What the Second Amendment Does Not Guarantee

Community members console one another at Marjory Stoneman Douglas High School four days after the shooting, in Parkland, Florida, U.S. February 18, 2018. REUTERS/Jonathan Drake

David N. Myers, Sady and Ludwig Kahn Professor of Jewish History at UCLA

Benjamin Franklin once defined insanity as “doing the same thing over and over and expecting different results.”

In surveying the carnage from the mass shooting in Parkland, Fla., it is hard to resist the view that the repetition of this drama reflects a twisted and self-defeating distortion. The Second Amendment to the Constitution, addressing the Revolutionary War-era presence of a “well regulated Militia,” states that “the right of the people to keep and bear Arms shall not be infringed.” It does not state that Americans possess the inalienable right to own any and all firearms, including those capable of inflicting the massive loss of life that was perpetrated in Florida last week. At what cost to our collective well-being — to the lives of our precious kids — will we perpetuate this madness?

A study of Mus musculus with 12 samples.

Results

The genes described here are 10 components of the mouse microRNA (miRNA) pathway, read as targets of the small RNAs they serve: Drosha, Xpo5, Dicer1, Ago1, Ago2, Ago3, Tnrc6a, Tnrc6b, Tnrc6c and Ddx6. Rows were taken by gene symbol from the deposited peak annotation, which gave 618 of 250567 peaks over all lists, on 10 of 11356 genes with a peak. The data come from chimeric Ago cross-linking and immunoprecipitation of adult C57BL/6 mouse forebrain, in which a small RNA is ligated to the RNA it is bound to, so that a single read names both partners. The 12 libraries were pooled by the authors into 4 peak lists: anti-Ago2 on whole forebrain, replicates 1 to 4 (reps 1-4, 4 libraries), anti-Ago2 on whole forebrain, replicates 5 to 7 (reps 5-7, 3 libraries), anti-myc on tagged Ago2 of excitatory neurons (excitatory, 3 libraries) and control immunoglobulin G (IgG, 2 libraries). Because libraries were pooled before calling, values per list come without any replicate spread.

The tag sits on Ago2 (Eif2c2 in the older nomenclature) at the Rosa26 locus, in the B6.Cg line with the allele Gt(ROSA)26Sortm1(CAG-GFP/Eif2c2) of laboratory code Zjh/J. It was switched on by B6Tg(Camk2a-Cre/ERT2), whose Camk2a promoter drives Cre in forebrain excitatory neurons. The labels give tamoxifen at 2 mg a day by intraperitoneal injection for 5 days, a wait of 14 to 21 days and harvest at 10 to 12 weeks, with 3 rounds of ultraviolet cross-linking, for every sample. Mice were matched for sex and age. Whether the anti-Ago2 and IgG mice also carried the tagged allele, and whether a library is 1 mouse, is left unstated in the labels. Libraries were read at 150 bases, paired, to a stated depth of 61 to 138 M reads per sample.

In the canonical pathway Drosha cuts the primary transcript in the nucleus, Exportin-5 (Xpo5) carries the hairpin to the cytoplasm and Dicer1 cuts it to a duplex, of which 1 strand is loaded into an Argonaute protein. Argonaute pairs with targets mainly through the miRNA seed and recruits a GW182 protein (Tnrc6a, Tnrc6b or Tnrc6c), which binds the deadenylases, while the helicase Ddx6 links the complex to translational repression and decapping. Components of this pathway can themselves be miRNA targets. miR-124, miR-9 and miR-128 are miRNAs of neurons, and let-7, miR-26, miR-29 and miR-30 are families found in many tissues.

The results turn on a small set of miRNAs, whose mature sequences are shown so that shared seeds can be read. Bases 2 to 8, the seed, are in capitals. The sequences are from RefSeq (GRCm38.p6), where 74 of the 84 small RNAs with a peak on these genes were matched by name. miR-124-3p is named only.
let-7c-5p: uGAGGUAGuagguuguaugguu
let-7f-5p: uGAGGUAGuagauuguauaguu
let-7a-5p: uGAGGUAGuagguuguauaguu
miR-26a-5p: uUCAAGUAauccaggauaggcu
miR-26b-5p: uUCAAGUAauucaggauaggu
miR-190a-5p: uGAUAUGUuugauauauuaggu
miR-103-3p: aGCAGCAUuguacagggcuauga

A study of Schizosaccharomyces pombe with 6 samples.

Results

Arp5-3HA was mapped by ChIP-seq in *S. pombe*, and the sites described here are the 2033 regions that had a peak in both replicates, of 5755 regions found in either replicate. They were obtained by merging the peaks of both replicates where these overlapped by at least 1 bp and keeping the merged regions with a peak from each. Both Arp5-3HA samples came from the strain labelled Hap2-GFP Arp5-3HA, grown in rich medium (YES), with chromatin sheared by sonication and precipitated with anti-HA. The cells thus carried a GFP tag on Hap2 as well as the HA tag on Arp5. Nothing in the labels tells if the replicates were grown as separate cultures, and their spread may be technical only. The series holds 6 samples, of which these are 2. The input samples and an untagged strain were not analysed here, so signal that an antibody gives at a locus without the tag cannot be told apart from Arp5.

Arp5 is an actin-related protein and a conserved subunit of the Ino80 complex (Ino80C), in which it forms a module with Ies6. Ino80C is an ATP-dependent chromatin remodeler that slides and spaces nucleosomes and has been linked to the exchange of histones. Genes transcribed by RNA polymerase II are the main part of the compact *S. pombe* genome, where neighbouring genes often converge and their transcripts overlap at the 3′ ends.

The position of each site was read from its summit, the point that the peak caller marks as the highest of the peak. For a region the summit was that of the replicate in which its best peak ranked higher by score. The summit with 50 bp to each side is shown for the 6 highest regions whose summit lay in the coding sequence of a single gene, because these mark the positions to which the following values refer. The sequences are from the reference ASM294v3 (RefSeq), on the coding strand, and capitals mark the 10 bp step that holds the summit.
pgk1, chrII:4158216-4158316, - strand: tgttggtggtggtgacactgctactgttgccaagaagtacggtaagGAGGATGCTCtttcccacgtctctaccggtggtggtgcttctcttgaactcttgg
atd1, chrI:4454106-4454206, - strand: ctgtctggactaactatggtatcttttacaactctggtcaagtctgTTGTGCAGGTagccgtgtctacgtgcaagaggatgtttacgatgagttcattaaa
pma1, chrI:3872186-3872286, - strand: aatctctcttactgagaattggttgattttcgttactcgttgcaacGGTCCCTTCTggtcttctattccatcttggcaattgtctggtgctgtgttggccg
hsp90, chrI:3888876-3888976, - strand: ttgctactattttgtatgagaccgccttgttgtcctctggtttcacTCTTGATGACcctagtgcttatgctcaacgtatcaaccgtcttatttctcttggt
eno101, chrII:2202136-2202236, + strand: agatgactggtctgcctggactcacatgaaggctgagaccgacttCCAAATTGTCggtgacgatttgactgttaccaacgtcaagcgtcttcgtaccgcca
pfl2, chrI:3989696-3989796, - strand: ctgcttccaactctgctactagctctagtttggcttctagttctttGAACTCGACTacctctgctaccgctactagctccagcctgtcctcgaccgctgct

There is an alternative path. We can learn from others. Another society with a robust “live and let live” attitude stepped back from the brink and imposed restrictions on unrestrained gun ownership. In 1996, two weeks after a mass shooting that killed 35 people in Tasmania, the conservative Australian prime minister introduced the National Firearms Agreement, which imposed tight control on automatic and semi-automatic weapons, insisted on a waiting period before purchase, and prompted a national buy-back that collected 700,000 weapons. Since that time, there have been no mass shootings in Australia.

Is it not time for Americans to learn from this example? Should we not recall the Mishnaic principle that destroying a single life — especially of a child — is to destroy the whole world?